What you need to know to keep your New Year's resolutions

VIDEO: What you need to know to keep your New Year's resolutions

CHARLESTON, SC (WCSC) - Setting goals can be easy, but the hard part is keeping them.

For Meg Branan, her New Year's resolution is to maintain and continue some of the changes she made last year to her eating habits and exercise. She works out at Pivotal Fitness in West Ashley.

"Cutting out the wine was a little bit of a vice for me," Branan said. "Exercise is easier for me than the dieting part."

Branan was able to stay on track and meet her goals. She lost about 20 pounds in six months.

If you can't seem to reach your goals on your own, Charleston Christian Counselor Tina Arnoldi has some steps that can help you.

Arnoldi is a licensed professional who offers workshops on goal setting. She she says the big problem people have is that they're looking at the big picture and not the small steps to get there. 
You first need to focus on your top three goals. 

"If you have eight things you want to change in your life over a year you're going to be so overwhelmed that you are not going to accomplish any of them," Arnoldi said.

Arnoldi says you need determine why you've chosen a goal. It has to be important enough to keep you motivated. 

"I think the 'why' is that you're not trying to meet someone else's goals," Arnoldi said.

She uses losing weight as an example. The 'why' in this case could be to avoid knee surgery, to become healthier, to lose weight or to avoid having to take certain medications.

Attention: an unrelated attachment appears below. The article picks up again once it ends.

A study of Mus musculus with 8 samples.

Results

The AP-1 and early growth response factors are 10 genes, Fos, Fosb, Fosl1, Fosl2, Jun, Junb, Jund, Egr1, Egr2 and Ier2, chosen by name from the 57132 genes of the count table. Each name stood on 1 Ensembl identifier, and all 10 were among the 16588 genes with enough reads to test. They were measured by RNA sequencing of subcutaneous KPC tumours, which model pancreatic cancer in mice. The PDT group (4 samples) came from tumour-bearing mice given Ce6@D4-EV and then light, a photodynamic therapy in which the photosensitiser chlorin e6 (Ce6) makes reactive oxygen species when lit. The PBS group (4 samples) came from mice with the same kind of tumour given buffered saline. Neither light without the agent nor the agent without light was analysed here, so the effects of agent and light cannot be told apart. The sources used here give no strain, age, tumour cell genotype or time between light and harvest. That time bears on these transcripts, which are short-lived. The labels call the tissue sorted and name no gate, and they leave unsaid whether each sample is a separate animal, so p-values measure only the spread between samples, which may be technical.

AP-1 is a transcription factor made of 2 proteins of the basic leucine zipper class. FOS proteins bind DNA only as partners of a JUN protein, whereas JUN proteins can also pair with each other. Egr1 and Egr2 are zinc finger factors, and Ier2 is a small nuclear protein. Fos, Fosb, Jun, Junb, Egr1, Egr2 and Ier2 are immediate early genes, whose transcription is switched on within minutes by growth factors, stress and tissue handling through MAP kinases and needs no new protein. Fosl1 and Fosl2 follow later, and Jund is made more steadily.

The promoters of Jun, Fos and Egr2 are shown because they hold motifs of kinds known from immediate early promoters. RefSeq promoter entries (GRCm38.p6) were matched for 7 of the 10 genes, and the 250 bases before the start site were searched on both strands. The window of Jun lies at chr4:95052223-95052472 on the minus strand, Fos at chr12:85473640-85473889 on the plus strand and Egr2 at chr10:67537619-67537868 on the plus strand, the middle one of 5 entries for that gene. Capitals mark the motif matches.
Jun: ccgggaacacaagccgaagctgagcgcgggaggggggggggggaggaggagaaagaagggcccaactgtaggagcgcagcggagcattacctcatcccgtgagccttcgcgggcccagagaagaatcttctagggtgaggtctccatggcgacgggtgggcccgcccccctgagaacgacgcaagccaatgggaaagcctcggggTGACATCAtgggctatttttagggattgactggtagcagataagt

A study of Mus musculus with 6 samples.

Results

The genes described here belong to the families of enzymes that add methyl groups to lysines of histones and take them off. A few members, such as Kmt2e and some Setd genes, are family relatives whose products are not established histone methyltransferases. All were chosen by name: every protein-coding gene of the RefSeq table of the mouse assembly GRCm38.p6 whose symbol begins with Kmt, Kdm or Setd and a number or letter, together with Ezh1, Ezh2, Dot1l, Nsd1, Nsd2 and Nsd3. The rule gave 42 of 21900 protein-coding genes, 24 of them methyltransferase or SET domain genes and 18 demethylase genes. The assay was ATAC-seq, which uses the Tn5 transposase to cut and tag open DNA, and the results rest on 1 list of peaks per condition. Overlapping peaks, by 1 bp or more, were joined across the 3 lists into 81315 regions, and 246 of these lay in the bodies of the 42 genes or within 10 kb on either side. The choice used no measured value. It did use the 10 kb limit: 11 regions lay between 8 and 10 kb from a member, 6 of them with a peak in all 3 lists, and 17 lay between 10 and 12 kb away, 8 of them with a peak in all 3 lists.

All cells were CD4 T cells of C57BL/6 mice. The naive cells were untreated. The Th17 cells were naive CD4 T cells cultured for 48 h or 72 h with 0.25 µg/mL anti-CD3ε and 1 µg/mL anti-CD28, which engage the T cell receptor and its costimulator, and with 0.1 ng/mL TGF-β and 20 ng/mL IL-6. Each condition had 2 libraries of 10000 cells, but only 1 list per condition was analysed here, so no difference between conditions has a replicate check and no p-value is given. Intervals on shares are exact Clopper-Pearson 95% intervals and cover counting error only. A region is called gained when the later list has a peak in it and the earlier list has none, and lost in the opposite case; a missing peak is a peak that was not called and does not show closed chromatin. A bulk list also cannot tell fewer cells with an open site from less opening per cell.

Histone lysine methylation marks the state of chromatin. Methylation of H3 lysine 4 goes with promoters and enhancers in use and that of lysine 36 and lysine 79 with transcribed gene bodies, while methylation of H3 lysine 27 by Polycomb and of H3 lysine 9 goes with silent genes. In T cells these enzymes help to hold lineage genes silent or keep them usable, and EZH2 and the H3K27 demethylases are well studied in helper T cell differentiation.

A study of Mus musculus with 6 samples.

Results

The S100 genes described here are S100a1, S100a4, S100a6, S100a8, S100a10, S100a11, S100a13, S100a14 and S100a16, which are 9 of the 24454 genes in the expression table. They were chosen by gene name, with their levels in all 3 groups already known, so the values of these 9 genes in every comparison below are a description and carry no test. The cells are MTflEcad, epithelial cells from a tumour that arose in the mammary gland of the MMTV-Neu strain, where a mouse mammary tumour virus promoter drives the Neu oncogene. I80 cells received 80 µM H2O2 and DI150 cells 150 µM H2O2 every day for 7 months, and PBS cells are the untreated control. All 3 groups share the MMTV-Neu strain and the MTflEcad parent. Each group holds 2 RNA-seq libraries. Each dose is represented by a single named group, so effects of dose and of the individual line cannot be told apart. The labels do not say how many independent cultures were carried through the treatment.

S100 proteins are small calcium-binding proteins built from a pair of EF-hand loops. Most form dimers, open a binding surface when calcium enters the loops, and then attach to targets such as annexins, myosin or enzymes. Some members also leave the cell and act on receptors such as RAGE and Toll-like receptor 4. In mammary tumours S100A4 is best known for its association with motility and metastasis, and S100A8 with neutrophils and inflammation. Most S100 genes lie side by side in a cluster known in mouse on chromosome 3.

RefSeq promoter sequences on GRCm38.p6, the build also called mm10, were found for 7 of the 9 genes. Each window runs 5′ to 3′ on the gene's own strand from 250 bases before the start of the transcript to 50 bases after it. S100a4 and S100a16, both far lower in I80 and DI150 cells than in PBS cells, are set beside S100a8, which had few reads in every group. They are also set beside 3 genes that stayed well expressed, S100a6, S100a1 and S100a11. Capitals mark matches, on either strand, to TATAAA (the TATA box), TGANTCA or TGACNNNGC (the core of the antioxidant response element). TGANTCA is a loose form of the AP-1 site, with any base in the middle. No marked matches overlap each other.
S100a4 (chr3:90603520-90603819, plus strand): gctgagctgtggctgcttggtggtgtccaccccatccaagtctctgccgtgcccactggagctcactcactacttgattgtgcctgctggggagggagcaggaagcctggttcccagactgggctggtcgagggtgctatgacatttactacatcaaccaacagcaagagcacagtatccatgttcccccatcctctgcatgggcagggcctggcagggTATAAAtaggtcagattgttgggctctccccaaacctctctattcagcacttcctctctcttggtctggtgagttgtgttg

Branan found her 'why' on her own.

"I just turned 40 last year and it was pretty intent on getting myself to a better place because I knew it was just going to be more difficult in years to come," Branan said.

Arnoldi says now it's time to turn your big picture goal into smaller steps. 

"What they're going to do to meet them and how exactly they are going to meet them," she said.

You can divide your plan into weeks and months. You can also break it down by days.

"You can't really measure exercise, but you can measure walk three times a week," Arnoldi said.

She also recommends for you to identity your obstacles or potential ones to come. One could be wasting too much time on social media rather than working towards your goal. 

Having an accountability partner can also help. 

"A lot of people are stuck where they are and sometimes they just need a little help moving forward," Arnoldi said.

Arnoldi also specializes in mental health counseling services through her Charleston Christian Counseling. She sees clients from various spiritual beliefs.

The counselor also recommends that you write down your goals and post them in place that you will see everyday as a constant reminder of where you want to be.

"At some point it's possible to just get that kick and just do it, never give up," Branan said.